We now live in a world where news spreads at the speed of Twitter and connections are measured in fans, likes, +1s, and followers. Social media and the potential digital audience represent a vast new frontier for science communication. Some pioneers have paved the way, but many others are still wondering: How do I communicate science in an online format? How can this benefit my career as a science communicator? How do I avoid the pitfalls that leave so many discouraged?
Communicating science online is no longer an option; it’s a requirement. Science and science journalism are changing to meet the demands of an increasingly digital audience. In Science Blogging: The Essential Guide (Yale University Press, 2016), we draw on the shared experiences of our editors and chapter contributors to create a comprehensive guide to science communication within today’s social media ecosystem.
This book would not be possible without the generous support of the Alfred P. Sloan Foundation and the National Association of Science Writers. Thanks especially to NASW’s Idea Grant Committee for their thoughtful feedback on our proposal, for helping us to ensure this volume was as comprehensive as possible, and for helping us to ensure we could adequately compensate all our contributors. Their help allowed us to assemble the best possible roster of chapter writers, and we are grateful for their support.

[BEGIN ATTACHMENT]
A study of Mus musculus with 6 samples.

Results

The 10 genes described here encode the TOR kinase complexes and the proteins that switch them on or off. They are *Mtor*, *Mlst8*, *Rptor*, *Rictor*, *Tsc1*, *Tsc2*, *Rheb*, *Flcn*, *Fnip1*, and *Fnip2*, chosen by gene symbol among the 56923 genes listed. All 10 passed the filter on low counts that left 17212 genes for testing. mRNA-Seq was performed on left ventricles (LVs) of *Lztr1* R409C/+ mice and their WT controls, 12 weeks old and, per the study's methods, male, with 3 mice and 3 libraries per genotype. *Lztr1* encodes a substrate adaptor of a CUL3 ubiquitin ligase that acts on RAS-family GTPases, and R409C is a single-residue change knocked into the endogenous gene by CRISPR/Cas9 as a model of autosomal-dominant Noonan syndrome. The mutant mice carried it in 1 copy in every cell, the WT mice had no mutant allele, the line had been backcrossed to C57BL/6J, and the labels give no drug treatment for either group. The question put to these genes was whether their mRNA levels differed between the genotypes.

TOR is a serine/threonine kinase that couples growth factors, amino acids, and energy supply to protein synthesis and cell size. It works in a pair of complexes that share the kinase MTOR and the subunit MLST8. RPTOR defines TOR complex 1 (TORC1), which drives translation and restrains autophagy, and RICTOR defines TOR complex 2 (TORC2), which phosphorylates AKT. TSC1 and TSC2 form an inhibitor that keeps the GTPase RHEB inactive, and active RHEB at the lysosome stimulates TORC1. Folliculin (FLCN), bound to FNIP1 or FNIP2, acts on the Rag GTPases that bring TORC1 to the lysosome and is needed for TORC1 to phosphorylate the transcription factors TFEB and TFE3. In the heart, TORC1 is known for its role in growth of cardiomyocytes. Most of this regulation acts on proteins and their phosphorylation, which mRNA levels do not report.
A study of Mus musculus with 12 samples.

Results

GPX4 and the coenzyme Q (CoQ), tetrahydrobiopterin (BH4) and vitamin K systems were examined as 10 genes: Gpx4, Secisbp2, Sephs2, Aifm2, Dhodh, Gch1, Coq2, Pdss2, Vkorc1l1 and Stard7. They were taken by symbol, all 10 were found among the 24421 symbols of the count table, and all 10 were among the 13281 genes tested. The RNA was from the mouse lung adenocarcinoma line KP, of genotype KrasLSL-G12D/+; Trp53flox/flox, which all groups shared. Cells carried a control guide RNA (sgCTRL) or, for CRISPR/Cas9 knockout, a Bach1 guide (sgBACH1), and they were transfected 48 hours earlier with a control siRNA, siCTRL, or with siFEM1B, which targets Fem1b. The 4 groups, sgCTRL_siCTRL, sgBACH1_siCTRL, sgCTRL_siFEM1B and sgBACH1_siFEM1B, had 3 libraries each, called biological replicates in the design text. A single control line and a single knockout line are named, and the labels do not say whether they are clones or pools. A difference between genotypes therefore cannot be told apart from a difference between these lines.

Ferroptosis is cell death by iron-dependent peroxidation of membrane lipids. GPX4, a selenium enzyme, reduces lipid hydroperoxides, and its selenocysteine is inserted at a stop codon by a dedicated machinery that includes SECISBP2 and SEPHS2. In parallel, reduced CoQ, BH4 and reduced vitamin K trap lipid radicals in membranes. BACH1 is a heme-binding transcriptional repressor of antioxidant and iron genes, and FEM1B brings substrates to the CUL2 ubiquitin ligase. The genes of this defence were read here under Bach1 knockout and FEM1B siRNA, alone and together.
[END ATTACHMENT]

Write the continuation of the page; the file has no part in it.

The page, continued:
Advance Praise for Science Blogging: The Essential Guide
“This collection of essays and tips, wisdom and insight on science blogging should be considered a must-read. From its all-star editors to its remarkable contributors, Science Blogging: The Essential Guide offers a range of information suited to everyone from those curious about starting a blog to practitioners looking for ways to improve. The word ‘essential’ is often overused but in this case, it suits perfectly.”
—Deborah Blum, director of the Knight Science Journalism program at MIT and author of the Poison Pen blog for The New York Times
“Want to learn how to launch a blog, nurture an audience, and—gasp—get paid for it? Read this book. Everyone, from neophyte to veteran, will learn from the Who’s Who of science blogger contributors.”
—Ivan Oransky, cofounder of Retraction Watch
“Once upon a time, science blogging was imagined to be a distraction from the serious business of Real Journalism™. Now it is journalism, and much more besides. This new collection offers a well written, rigorous, and timely atlas to its diverse approaches and best practices. Aspiring and veteran bloggers alike, take note: good stuff here.”
—Thomas Levenson, director of MIT Graduate Program in Science Writing and author of The Hunt for Vulcan
“Like the medium it covers, Science Blogging is by turns pragmatic, charming, wide ranging, and sharply argued. This is the guidebook science blogging deserves, and that every science blogger needs to read.”
The Science Blogging pages are an editorially independent project hosted by The Open Notebook.